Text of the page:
New Delhi, India: The year 2010-11 witnessed record food grain production touching 242 million tonnes in farm season (July-June) according to the 4th advance estimates released recently. Dr. S. Ayyappan, Secretary, Department of Agricultural Research and Education, and Director General, Indian Council of Agricultural Research, further explained Indian Council of Agricultural Research’s (ICAR) initiatives and its strategic framework to improve food security in the country.
Ayyappan observed that the bygone year threw many challenges also. These include perceptible climate change, as seen by the dry spells in the Eastern India; degrading land and water environment; need for quality inputs; emerging problem of agricultural labour; and post-harvest losses across the commodities. To address the problem of decreasing soil and water productivity, the GIS-based soil fertility maps, using soil-test data was prepared for 500 districts spread over 21 states of India. The data revealed that soils of most of the districts have low to medium amount of nitrogen and phosphorus and medium to high amount of potassium. Existing ridge-and-furrow system of irrigation was modified for in-situ rain water harvesting (10 percent than the earlier 1 percent of rain), which increased castor yield by 30 percent. A decision support system was developed for facilitating location specific nutrient management.
About the framework, Ayyappan explained that it aims to improve food security, enhance opportunities for inclusive growth, augment competitiveness of Indian agriculture and create adequate and quality human resources to address the concerns. Some of the major concerns include, natural resources degradation, increasing biotic and abiotic pressures, declining input use efficiency, post-harvest losses, decreasing profitability in farming, quality human resource and farm extension.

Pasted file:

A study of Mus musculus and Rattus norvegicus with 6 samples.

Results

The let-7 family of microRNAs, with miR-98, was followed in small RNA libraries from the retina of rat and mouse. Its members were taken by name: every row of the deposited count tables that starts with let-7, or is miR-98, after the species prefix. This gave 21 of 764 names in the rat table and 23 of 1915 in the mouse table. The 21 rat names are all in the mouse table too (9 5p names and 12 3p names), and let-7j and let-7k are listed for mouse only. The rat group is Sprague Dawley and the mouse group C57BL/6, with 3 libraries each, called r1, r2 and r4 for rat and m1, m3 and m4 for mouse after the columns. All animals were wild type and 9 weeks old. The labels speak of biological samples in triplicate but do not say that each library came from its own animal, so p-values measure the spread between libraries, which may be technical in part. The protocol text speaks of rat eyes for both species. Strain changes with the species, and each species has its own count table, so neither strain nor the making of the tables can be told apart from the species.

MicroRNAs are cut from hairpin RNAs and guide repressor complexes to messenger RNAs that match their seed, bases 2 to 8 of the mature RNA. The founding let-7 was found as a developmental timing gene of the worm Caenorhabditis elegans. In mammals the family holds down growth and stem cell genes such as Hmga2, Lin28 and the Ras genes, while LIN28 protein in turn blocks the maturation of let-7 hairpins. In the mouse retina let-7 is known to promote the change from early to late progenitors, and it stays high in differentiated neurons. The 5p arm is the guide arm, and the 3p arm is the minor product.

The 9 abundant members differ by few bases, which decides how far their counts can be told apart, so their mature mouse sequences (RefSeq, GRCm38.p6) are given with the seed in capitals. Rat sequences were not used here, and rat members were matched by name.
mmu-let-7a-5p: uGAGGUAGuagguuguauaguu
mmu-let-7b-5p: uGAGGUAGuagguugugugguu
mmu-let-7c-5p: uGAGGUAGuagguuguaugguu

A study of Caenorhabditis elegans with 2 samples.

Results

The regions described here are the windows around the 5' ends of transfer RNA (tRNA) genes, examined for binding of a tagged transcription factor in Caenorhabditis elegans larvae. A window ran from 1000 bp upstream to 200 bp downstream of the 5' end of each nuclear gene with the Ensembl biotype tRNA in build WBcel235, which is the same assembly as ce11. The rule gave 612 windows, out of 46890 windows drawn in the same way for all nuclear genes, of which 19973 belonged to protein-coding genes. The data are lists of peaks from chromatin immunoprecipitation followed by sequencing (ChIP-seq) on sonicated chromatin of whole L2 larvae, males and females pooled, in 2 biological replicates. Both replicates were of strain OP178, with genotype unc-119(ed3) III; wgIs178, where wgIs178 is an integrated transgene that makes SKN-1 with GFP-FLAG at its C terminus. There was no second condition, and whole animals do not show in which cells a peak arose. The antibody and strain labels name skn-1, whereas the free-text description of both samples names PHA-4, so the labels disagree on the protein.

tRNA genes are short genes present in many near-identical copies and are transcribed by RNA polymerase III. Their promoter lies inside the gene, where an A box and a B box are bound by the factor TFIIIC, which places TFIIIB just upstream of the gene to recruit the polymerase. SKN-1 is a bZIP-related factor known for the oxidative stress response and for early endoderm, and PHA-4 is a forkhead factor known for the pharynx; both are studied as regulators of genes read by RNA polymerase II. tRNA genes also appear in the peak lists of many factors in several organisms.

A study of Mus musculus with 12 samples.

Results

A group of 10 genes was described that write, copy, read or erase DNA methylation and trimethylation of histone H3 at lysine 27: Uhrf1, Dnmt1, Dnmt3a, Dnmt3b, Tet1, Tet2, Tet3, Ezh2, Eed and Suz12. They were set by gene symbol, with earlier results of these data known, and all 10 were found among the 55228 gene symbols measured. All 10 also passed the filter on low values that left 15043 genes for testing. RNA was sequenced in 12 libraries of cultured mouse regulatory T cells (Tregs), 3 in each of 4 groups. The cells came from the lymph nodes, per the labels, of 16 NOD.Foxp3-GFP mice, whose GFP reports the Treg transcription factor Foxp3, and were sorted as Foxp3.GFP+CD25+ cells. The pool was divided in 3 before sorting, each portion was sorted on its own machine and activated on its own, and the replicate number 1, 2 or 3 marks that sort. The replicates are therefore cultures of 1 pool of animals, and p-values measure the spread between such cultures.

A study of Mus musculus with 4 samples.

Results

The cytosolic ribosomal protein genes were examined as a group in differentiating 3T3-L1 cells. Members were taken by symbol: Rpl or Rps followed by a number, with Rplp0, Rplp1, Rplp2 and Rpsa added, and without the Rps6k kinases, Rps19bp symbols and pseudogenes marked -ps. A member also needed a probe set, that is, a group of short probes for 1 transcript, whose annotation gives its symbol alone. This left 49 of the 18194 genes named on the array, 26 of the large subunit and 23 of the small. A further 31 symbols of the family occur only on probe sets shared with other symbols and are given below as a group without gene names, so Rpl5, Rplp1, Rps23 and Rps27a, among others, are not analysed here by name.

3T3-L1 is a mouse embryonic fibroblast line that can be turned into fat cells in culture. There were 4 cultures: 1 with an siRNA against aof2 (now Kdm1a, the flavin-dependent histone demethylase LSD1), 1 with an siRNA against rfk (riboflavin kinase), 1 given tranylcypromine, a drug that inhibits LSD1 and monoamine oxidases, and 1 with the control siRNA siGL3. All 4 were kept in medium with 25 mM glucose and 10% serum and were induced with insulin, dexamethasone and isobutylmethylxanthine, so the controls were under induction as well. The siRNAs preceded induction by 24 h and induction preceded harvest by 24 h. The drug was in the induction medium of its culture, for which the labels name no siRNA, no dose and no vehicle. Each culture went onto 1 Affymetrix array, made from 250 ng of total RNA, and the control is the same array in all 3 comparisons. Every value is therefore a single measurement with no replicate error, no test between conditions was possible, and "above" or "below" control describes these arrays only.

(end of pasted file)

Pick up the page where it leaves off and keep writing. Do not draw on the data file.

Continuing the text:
Among new projects, Ayyappan counted the National Initiative on Climate Resilient Agriculture as noteworthy. The Project has a budget outlay of INR 350 crore for XI Plan; out of which INR 200 crore is allocated for 2010-11, and INR 150 crore for 2011-12 on the research infrastructure, capacity-building and on-farm demonstrations of available climate-resilient technologies.
To improve the quality and productivity of livestock population, artificial insemination is being standardised and adopted in field situations. With repositioning of its approach towards entrepreneurship and livelihood security, the ICAR has made a strong commitment for socio-economic transformation of the Indian rural population. The research programmes, educational initiatives and extension activities have been reoriented to meet the objective. Efforts are being made to ensure free flow of knowledge, crossing all barriers on the way. The ICAR has adopted open-access policy for its highly-rated research journals and other literature of importance.